Documentary Review: ‘Bloodsworth: An Innocent Man” (2015) ★★★★


The criminal justice system sometimes imperfect. In some cases, it even fails to convict the right person, largely due to false witnesses or the weak evidences the investigators don’t know how to deal with. No matter what reason so called investigators or prosecutors provide to defend themselves, the years you spent in the prison for a crime you never committed won’t come back. What happens with Kirk Noble Bloodsworth is outrageous and unfair, and could have been easily prevented. However, it still happened…

In 1985, Kirk Bloodsworth was convicted of sexual assault, rape, and first-degree premediated murder for the rape and murder of a nine-year-old girl, Dawn Hamilton. In the police sketch, Kirk’s neighbor assumes that it’s Bloodsworth, who is wanted by police, and calls the authorities immediately. After being arrested, five more witnesses came out to state that it was Kirk who they saw near the woods. This and some other “evidences” seemed enough for the prosecutor and the judge to sentence Kirk Noble Bloodsworth to death row.

The documentary film begins with introducing us a murder case of a charming little girl, whose life was cut short by a brutal rape and murder in the woods. Shortly, we find out from Bloodsworth that he was an honorably discharged former Marine who just moved to Baltimore with his wife. It was July 1984 when Bloodsworth makes Baltimore his new home, and July, 25th, 1984, when Dawn Hamilton’s body was found, lying facedown in thick bush, about 12 feet off an abandoned path in woods behind the Fontana Village townhouse complex, where she had been staying with her father.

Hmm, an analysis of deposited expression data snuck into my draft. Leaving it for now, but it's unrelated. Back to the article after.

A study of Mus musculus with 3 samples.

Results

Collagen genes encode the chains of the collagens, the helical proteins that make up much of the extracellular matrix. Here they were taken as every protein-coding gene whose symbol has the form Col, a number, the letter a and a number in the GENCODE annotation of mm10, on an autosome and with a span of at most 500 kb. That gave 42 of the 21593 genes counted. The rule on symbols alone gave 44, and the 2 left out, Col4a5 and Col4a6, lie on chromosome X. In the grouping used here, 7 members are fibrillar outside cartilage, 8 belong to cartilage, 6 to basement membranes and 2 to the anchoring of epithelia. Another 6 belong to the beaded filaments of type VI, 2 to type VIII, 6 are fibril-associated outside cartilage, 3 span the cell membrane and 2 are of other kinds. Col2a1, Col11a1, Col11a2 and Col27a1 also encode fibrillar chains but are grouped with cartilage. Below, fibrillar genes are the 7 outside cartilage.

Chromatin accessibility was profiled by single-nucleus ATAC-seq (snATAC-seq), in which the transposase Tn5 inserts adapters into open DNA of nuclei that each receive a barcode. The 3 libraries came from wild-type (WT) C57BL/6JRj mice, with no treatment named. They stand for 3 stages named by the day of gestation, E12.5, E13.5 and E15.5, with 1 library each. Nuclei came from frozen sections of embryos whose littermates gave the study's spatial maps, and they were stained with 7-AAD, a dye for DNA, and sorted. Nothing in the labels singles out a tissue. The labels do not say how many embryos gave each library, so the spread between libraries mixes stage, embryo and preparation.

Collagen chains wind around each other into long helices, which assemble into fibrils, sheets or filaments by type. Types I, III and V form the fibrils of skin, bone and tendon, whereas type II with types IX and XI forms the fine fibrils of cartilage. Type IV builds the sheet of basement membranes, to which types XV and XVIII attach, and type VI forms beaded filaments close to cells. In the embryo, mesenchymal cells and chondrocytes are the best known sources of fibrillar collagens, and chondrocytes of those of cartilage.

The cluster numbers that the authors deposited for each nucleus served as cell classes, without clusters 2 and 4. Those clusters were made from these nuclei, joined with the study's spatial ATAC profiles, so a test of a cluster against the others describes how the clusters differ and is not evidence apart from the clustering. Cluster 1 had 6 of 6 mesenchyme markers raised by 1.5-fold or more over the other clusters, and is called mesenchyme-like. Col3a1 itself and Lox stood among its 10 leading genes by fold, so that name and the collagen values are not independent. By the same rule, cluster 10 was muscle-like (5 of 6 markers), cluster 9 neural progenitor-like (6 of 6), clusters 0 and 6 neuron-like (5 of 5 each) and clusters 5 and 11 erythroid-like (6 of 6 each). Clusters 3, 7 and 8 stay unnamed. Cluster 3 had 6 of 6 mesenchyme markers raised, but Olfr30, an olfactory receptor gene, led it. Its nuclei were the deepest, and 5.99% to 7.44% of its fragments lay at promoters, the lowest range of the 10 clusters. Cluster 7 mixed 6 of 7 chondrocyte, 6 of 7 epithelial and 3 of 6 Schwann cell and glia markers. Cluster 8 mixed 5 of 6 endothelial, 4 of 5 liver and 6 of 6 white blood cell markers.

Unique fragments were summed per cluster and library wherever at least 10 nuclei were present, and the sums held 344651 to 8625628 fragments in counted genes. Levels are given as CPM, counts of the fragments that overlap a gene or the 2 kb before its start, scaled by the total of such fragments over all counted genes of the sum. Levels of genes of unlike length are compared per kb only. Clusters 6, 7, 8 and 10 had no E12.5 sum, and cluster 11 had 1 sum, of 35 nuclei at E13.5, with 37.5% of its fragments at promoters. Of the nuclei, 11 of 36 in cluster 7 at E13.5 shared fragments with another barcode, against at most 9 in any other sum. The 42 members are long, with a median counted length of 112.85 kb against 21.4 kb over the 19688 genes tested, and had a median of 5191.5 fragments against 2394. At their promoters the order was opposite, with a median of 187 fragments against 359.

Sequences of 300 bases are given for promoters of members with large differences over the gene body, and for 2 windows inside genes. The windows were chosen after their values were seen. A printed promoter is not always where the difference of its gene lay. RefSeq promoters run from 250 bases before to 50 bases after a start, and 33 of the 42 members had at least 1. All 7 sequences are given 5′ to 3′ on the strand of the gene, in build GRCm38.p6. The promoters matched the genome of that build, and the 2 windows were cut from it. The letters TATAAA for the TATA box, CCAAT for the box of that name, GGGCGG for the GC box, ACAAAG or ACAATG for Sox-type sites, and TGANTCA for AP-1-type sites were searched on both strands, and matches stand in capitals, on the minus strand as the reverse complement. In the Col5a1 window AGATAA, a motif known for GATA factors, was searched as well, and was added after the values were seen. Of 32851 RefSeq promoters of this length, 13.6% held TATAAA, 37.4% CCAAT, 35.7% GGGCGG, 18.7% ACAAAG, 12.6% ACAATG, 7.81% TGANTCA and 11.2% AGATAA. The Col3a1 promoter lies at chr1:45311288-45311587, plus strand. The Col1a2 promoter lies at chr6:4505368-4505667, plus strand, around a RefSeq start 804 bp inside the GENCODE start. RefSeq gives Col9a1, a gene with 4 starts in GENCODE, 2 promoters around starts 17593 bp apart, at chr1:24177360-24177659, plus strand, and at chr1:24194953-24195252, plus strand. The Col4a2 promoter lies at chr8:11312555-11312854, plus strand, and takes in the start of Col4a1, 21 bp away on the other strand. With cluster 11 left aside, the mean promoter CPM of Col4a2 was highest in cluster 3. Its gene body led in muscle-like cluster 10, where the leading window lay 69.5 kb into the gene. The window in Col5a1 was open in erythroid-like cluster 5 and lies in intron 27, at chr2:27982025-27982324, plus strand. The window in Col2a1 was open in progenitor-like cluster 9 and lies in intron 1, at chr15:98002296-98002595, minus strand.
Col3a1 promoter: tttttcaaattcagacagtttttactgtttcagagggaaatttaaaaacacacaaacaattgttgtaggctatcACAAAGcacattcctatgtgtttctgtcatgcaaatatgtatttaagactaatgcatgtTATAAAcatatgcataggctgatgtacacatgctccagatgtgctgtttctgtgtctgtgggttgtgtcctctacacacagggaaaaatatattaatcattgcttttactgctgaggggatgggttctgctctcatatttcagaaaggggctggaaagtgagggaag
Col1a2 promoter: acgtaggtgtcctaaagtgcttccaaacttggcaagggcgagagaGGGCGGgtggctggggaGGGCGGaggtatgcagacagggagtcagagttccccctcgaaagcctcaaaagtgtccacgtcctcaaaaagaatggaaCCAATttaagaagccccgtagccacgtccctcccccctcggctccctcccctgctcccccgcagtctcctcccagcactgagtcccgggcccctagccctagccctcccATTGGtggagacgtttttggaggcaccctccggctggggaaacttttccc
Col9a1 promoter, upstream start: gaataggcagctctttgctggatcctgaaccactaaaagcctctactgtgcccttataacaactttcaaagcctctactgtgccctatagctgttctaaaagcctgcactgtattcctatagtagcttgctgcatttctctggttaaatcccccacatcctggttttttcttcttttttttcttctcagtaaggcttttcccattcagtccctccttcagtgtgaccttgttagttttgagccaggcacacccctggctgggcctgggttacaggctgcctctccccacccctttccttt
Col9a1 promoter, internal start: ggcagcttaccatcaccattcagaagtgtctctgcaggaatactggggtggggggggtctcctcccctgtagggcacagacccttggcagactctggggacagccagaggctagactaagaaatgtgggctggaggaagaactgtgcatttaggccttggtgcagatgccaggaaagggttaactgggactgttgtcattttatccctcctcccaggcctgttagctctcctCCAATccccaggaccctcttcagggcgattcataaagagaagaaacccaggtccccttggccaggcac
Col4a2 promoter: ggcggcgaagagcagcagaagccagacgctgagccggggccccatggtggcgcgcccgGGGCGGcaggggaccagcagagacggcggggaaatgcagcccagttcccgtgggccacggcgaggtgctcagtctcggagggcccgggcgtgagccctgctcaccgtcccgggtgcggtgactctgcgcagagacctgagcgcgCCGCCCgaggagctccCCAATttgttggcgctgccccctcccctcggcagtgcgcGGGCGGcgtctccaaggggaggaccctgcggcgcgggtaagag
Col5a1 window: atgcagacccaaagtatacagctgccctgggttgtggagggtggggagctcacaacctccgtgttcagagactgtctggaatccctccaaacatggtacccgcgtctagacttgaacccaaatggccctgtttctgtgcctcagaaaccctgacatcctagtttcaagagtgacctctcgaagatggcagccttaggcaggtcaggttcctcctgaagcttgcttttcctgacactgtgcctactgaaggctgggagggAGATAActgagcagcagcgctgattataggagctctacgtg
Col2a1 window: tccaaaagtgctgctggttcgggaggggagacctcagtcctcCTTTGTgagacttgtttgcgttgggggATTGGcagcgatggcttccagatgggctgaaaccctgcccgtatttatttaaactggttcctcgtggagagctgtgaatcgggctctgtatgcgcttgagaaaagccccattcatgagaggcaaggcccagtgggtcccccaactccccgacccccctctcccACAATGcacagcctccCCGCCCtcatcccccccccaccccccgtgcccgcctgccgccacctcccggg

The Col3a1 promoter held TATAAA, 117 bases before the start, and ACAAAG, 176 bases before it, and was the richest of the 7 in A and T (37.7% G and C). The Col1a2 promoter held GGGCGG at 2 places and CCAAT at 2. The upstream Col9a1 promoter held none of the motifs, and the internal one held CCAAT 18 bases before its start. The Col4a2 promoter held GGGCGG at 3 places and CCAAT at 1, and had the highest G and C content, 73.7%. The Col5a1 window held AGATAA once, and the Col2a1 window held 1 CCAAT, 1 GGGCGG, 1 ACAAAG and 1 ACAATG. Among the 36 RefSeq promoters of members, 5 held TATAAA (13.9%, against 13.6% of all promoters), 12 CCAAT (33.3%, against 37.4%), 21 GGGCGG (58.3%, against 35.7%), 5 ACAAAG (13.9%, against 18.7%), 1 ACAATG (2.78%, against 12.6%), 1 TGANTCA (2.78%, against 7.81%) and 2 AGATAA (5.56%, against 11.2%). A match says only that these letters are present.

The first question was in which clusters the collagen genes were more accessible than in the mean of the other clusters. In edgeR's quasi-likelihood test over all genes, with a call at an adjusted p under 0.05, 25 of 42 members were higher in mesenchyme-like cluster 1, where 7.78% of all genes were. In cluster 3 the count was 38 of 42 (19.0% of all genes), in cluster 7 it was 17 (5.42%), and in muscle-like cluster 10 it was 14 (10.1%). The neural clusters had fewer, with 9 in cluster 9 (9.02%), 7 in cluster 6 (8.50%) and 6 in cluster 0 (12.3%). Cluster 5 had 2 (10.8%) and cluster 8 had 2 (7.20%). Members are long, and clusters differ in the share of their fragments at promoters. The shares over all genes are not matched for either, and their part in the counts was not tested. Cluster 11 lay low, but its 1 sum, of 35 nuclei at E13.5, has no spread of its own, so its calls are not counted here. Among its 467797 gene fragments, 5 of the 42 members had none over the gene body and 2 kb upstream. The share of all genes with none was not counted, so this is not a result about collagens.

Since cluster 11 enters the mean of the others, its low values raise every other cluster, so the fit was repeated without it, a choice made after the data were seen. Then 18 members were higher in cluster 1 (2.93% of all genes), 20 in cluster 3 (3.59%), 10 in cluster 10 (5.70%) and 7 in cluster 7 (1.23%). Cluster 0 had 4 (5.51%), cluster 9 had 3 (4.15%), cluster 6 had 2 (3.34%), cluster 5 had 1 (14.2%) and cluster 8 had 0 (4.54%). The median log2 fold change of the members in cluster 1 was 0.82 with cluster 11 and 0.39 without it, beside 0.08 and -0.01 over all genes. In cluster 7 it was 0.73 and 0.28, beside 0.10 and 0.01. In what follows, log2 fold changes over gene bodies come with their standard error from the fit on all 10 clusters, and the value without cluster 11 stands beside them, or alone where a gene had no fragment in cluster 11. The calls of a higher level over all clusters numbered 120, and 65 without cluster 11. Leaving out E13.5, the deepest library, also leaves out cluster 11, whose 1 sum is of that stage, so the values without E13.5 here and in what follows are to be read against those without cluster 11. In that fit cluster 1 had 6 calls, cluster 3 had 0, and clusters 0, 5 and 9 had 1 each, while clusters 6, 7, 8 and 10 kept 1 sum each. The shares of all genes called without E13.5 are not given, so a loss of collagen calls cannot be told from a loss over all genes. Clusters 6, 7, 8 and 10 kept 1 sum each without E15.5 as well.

As you watch Gregory Bayne’s BLOODSWORTH: AN INNOCENT MAN, you find out more terrifying details of reality Bloodsworth had to go through. But it was, no doubt, his determination, strength and desire that made him continue his battle against the system in order to maintain his name, and find justice for Dawn Hamilton. Everything changes fundamentally when, in jail, Bloodsworth reads an account of how DNA fingerprinting had led to the conviction of Colin Pitchfork in the killing of two victims. This made him to push forward his DNA test, with hope, that it will help clean his name and find the real murderer of Dawn Hamilton, who, in fact, had been incarcerated in a cell one floor below Bloodsworth’s own cell. He just never knew about it, until many years later…

In conclusion, Bloodsworth’s story will make you think of how many more people were convicted wrongly. We also will never find out how many more innocent people were executed due to crimes they were mistakenly accused of. Since the DNA test came to the picture, it has helped exonerate over hundreds of people, where some of them were released when they were at a very old age. This film shows clearly that the criminal justice system does not work properly. However, it`s the same criminal justice system that still allows prisoners to use DNA tests as a last attempt to clean their names. Again, the dilemma of being guilty or innocent was, is and will always be relevant until we find a way to ensure that whatever happened with Kirk Noble Bloodsworth will never happen again.